Posted By Sandra Wiley,
Monday, February 1, 2010
The recession's effects were severe within many firms, with widespread pay and bonus cuts as well as decreases in benefits and fewer opportunities for training. Unlike last year, however, I believe 2010 will be a time your firm will want to remember for a long time to come. Here's what I see on the horizon for the next eleven months:
- Recession subsides – slowly: Pay freezes were palatable in 2009, because inflation was in unparalleled negative territory. Predictions indicate that beginning in January 2010, RPI inflation will start to climb back to more normal levels. Experts anticipate pay raises of 2 to 4 percent as the economic recovery takes root.
- Pay and bonus freezes are thawing out: Many employees considered pay and bonus freezes (or cuts) last year as a temporary "fix" that would change as the markets improved. While firms still need to be cautious in pay and bonus decisions, many will expect to be rewarded in 2010 for past sacrifices. Many firms report that they now employ the best staff ever, so they will want to be fair and equitable in their pay decisions.
- Pay and bonus benchmarking: Identifying what the market pays is critical this year. The re-establishment of market-related salary levels and adjusting salaries and benefits that went out of line during the recession will be back in vogue. Market adjustments will help sort out variances and might take place outside of annual pay reviews.
- Career development: Learning and training initiatives may have been set back or put on hold by firms looking to curb expenses during 2009. Firms must begin to rebuild a learning culture in order to elevate the staff's confidence. If a firm invests in growing human capital through career development, it reveals its confidence in its future. Moreover, firms that expand net intellectual capital are poised for substantial growth as the recession subsides.
- Employment relations: When a firm documents its core values, its people are almost always at the top of the list. Last year revealed whether or not a firm really believes its people are a top value. Those with strong communication channels and a high level of trust among partners, managers and staff are ready to take on 2010 with confidence. Those that did not have a strong foundation and an open culture are likely struggling to re-create and build human infrastructure to stay viable for the future.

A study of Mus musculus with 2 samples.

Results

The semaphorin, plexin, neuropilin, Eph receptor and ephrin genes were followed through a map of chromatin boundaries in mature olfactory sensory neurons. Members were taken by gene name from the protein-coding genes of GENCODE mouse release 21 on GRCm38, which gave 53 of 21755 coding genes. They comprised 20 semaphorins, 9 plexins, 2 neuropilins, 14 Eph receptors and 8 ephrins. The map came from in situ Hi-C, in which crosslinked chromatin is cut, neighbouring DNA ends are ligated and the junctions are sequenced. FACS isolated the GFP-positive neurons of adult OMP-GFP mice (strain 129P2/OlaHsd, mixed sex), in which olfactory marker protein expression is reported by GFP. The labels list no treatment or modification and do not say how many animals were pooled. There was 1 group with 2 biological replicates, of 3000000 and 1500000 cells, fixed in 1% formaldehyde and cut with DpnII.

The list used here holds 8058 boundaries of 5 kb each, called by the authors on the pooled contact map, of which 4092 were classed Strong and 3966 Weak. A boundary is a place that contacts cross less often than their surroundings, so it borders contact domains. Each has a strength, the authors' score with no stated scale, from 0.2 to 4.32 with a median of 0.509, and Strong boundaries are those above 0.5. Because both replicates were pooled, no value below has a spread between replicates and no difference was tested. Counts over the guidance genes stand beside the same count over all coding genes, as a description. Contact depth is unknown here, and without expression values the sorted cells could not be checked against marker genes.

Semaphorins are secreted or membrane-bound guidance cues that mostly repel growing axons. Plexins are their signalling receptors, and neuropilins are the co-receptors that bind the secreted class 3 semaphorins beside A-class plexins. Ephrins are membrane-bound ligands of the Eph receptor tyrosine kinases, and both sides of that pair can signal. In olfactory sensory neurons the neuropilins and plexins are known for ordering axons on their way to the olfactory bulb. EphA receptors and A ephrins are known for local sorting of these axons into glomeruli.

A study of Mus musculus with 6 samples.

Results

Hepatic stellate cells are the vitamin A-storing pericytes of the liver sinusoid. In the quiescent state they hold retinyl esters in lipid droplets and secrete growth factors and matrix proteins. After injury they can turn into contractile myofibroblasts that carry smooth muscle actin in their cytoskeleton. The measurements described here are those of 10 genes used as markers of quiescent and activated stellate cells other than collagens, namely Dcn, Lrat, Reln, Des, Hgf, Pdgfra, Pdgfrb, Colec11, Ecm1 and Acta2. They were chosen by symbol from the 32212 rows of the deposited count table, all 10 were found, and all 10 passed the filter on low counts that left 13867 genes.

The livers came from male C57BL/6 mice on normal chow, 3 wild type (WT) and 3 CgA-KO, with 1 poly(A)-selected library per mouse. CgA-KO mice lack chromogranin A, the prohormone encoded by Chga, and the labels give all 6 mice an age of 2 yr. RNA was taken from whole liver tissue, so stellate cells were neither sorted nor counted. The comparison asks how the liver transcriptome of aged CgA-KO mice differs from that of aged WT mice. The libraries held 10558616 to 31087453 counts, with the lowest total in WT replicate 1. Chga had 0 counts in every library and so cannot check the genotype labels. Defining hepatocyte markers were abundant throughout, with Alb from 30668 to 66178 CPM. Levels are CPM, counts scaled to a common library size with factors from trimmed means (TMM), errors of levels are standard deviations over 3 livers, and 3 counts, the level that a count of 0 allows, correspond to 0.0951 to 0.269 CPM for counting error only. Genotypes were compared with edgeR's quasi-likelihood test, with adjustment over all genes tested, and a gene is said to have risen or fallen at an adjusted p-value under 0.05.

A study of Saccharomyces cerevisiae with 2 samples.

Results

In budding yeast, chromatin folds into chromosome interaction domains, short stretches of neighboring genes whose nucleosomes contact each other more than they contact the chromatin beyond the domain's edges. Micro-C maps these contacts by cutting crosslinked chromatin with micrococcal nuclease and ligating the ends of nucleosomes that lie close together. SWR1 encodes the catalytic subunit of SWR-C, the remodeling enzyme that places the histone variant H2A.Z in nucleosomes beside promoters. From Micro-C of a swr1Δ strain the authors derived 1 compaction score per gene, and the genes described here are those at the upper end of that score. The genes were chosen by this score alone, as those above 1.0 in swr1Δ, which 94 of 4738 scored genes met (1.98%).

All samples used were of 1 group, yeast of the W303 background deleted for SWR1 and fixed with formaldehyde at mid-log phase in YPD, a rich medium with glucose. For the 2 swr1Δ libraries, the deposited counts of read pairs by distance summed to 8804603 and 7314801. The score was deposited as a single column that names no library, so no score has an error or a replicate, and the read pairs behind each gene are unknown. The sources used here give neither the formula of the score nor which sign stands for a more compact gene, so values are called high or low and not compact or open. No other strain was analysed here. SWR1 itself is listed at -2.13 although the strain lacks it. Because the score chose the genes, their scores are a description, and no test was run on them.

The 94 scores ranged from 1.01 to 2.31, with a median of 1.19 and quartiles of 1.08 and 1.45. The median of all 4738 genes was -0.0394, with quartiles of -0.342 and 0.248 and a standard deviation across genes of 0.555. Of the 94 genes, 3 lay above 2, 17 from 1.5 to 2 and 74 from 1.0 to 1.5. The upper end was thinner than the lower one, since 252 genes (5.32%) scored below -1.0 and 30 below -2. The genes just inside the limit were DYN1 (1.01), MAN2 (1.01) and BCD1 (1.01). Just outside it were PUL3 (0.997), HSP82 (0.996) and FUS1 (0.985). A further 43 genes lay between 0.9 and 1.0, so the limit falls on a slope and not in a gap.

- Talent: In past years recruiting and retention were top priorities for most firms, but the recent economic upheaval has shuffled the deck. Retention moved ahead of recruiting in 2009, and hiring slowed to a crawl as many firms made staff reductions. Fortunately, the outlook for this year is much brighter. Many firms used 2009 to mold a highly functioning yet "lean" staff. In 2010 firms have the opportunity to recruit selectively and hire people who complement the organization in new and highly relevant ways. An amazing talent pool has entered the market, and now is the time to take advantage of it.
- Team Collaboration: The organizational structure of most firms through the years has been hierarchical (partners make decisions, and others follow). Firms today are evolving to allow everyone involvement in decision making and planning. This year holds great promise for firms that adopt a collaborative model of team management.
- Respect for all Generations: To some degree workers from generations prior to "X" have reclaimed the preeminent outlook on the workplace: endure long hours, place job before personal priorities, have limited (if any) flexible work arrangements and "tow the line" in order to get ahead. Even while facing this new reality, younger workers are still betting attitudes and opportunities will revert to pre-2009 once the "storm" has passed. Their quest for a more appealing workplace has not ended, but it will proceed with a new found respect for the sacrifices that Historians and Baby Boomers endured to build a solid foundation for the firm. In return, those from older generations should respect and appreciate how Generations X and Y are contributing new thinking and innovative ideas to make the firm more profitable and life more enjoyable!
- Focus on Health: Congress is not the only place where health care is discussed and debated these days. HR professionals everywhere are throwing around ideas, looking for new ways to lower the cost of health care for employees and the firm. Mental health, healthy workplaces and community service activities are now areas focus. The searching will continue and likely become even more of a priority as 2010 unfolds.
My final prediction for 2010 is that this will be a breakthrough year for firms willing to put time and effort into planning and developing a firm wide team. Consider the outlook I've outlined above and pay special attention to those who are not operating at a high level in your firm. Document a plan and refer to it often – be sure to share it with your entire team!